Of my Italian grandparents only my father’s mother, whom I called Nana, spoke conversational English. After visiting Aunt Angie and Uncle Tony, my family usually headed across Providence, Rhode Island, to my father’s parents’ triple-decker on Pomona Avenue and ate again there. I loved climbing the stairs to their house because there was always something cooking on the stove in a small, black cast-iron skillet. Glancing around to make sure no one was watching, I’d steal a piece of whatever was cooking—and then another. I can still taste the deep flavor of Nana’s meats. She used that skillet when she taught Aunt Marie, my mother, and me how to cook. I still adore my grandmother’s marinara, meatballs, eggplant, and chicken Parmesan—classic Italian-American dishes I’d learned to make by the age of twelve.
More than the dishes themselves, I learned from Nana that food mattered and how you prepared it mattered. Shopping in a grocery store? Unthinkable! She bought all of her raw ingredients from small, specialty vendors in Federal Hill, Providence’s Italian neighborhood. What does the meat guy know about fish? What does the fish guy know about vegetables? That was her attitude. She wanted the best of everything to go into her dishes. And cook she did—all day long, in small batches (necessary, she explained, to make sure that every part of a dish is evenly done). Often she would stay with us and
cook with my mom, peeling garlic, cutting eggplant, and standing over my mom’s shoulder, watching her every move, making sure she executed perfectly the DiFillippo family recipes to which she’d been given access. Looking back on it, I think Nana might have left a key ingredient or two out of each recipe when she gave them to my mother. Somehow the same dishes always tasted just a little bit better when Nana made them herself.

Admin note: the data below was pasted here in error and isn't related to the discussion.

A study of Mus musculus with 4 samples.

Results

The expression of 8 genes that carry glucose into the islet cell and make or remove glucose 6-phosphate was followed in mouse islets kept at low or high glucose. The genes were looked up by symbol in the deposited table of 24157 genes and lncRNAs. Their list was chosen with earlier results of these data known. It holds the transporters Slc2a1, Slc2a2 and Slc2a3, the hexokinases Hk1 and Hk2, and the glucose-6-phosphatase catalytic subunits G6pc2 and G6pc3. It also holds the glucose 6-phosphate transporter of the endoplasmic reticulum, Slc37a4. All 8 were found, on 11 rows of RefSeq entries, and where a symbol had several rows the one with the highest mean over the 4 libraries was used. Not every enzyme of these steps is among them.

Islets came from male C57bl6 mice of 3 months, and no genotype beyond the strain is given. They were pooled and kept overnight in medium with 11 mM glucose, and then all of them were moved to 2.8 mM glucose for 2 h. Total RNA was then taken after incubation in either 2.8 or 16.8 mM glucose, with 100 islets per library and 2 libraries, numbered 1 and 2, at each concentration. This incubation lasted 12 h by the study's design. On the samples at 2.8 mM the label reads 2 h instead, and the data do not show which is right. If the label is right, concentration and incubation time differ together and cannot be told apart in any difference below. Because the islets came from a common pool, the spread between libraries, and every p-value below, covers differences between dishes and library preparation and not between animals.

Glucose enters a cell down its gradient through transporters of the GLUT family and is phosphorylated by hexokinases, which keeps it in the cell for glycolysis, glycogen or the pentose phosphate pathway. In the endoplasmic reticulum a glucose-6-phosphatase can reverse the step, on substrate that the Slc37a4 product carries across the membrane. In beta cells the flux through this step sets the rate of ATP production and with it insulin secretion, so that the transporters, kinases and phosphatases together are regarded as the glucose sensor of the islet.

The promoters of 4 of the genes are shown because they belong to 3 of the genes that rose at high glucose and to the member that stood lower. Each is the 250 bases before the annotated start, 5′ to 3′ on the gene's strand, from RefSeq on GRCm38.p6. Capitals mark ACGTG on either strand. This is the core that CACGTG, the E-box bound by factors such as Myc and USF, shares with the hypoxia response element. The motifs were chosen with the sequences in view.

A couple months after Nana died, in the early 1990s (on my birthday, as it happened), my father invited us to come down and take whatever we wanted of her things. My relatives took useful items, like TVs, chairs, and tables. I had a successful restaurant by then and was after only one thing. I walked into the kitchen and saw that black cast-iron pan sitting there on my grandmother’s white 1940s stove—the only time I ever saw it empty. Grabbing it I walked down the old squeaking staircase and went to my car. My father was out on the lawn.
“Why aren’t you taking anything?” he asked.
I held up the skillet and said, “I have everything I want.”
He looked at me like I was crazy, so I decided to explain myself. “This started it all for me, Dad. I’m not sure where I’d be today if it wasn’t for Nana.”